Thomas Michael Fortel
is a longtime yoga practitioner/teacher, influenced by the Iyengar, Ashtanga, and Anusara styles of Hatha yoga, and drawing from his devotional experience in Bhakti yoga. He travels widely, sharing his love for yoga.
We can think of each of the yoga postures as a metaphor or an archetype embodied in physical posture: it may be the hero’s pose or the warrior, the eagle, or the posture of the sage. The practice of yoga clearly reflects the multiple layers of human existence, and it gives us a way of being in the world and in the life of spirit — alma — or soul. By doing the physical practice of asana (postures) and the breathing practice of pranayama, we are able to open the inner doors of understanding and potentially access the deeper meaning of our lives.
As we walk this pathway and journey of yoga — and engage the study of the self — we cross the broad terrain of the personality, ego, and soul. We see more clearly who we are in our daily lives and how we’re connected to the greater whole. Sometimes we find ourselves on the mountaintop, in blissful love and unconditional self-acceptance. At other times, we’re descending into the valley of darkness and learning to embrace hidden, or shadow, aspects of ourselves. The experiences of oneness and expansion are a huge support in these moments of deep reckoning.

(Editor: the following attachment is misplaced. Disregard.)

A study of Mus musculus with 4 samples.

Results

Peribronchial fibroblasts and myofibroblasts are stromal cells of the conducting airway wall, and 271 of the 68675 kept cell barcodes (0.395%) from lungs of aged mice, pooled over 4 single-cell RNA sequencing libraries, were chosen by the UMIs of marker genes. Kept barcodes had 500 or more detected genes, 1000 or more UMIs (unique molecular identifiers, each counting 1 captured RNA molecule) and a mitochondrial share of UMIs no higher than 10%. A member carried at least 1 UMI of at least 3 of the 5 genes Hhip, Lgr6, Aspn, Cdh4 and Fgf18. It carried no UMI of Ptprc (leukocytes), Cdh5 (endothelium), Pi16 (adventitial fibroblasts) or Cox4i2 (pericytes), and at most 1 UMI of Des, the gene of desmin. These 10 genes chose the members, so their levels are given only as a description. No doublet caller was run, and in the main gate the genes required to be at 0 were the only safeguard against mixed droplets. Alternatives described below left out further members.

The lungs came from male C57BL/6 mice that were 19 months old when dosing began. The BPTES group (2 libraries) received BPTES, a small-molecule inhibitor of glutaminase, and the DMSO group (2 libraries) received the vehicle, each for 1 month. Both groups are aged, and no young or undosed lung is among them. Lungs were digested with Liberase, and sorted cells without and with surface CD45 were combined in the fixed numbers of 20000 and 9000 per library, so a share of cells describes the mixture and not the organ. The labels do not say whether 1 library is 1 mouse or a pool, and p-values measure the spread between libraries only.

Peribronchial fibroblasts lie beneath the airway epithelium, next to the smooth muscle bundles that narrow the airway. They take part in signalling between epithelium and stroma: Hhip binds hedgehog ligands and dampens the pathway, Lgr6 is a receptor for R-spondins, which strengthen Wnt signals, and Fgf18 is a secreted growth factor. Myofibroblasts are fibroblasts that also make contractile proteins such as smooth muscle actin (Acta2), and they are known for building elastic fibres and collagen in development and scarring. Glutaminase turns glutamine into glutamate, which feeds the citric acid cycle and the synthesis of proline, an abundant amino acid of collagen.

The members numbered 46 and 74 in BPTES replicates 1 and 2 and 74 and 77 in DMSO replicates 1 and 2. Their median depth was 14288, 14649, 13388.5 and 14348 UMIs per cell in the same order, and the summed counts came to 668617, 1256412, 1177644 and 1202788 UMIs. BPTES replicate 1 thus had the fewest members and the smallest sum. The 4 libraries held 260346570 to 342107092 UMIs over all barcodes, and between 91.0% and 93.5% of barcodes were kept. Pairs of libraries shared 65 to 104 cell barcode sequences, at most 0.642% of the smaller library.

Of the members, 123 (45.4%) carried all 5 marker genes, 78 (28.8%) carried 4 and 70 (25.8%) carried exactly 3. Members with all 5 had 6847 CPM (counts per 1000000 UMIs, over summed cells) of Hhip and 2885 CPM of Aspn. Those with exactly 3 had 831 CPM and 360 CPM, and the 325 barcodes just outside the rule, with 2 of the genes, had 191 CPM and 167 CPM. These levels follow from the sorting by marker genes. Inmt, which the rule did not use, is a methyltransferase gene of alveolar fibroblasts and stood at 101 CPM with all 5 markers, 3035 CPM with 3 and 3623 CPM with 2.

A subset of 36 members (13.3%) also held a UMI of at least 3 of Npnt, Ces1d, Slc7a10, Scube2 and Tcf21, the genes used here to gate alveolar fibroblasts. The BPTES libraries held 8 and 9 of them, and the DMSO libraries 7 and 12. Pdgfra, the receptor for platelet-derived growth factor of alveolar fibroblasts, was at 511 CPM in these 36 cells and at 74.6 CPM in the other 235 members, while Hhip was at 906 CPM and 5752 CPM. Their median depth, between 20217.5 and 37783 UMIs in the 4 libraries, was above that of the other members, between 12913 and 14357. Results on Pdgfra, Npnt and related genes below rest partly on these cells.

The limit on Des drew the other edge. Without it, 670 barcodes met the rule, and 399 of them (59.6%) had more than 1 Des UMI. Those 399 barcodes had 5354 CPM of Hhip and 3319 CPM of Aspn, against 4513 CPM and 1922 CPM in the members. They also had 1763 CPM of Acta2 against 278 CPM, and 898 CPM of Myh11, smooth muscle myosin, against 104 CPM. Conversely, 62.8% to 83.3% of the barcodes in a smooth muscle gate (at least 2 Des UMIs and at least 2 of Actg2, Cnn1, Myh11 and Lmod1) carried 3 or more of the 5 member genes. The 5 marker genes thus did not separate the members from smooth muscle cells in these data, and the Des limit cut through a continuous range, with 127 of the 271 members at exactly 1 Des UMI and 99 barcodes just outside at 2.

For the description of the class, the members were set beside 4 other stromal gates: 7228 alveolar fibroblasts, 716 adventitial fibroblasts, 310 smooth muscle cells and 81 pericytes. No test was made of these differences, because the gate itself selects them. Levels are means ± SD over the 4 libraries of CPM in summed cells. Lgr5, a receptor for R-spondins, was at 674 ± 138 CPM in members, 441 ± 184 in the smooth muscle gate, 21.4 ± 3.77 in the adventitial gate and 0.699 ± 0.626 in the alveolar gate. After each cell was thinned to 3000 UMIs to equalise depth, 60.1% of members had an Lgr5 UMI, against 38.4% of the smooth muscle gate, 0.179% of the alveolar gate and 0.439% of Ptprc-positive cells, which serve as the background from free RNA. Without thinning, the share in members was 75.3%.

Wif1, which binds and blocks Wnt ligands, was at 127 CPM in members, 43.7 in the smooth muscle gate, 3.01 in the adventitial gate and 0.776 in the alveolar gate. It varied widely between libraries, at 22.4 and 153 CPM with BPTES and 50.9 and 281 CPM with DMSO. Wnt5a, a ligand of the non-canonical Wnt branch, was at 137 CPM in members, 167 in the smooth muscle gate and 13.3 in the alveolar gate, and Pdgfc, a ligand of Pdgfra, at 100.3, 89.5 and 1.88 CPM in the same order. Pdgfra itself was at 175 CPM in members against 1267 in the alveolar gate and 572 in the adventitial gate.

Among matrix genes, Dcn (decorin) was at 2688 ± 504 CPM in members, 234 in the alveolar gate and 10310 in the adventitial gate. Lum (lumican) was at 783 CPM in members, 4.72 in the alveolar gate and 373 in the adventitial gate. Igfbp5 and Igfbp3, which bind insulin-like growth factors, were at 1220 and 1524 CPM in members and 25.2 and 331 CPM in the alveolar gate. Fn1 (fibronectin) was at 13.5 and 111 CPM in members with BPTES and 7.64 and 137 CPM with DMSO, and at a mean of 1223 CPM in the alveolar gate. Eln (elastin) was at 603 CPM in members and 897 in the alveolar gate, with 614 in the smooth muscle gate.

In many ways, our whole lives are a series of doorways and passages into new or forgotten ways of being. Over time, the practices of yoga can create a softening of habits and patterns, a clarifying of mind, and a gradual opening of the spiritual lotuses (chakras). All of this can lead us to an expanded field of awareness beyond our personal ego, and into a wellspring of lifeforce and our place in the ocean of consciousness.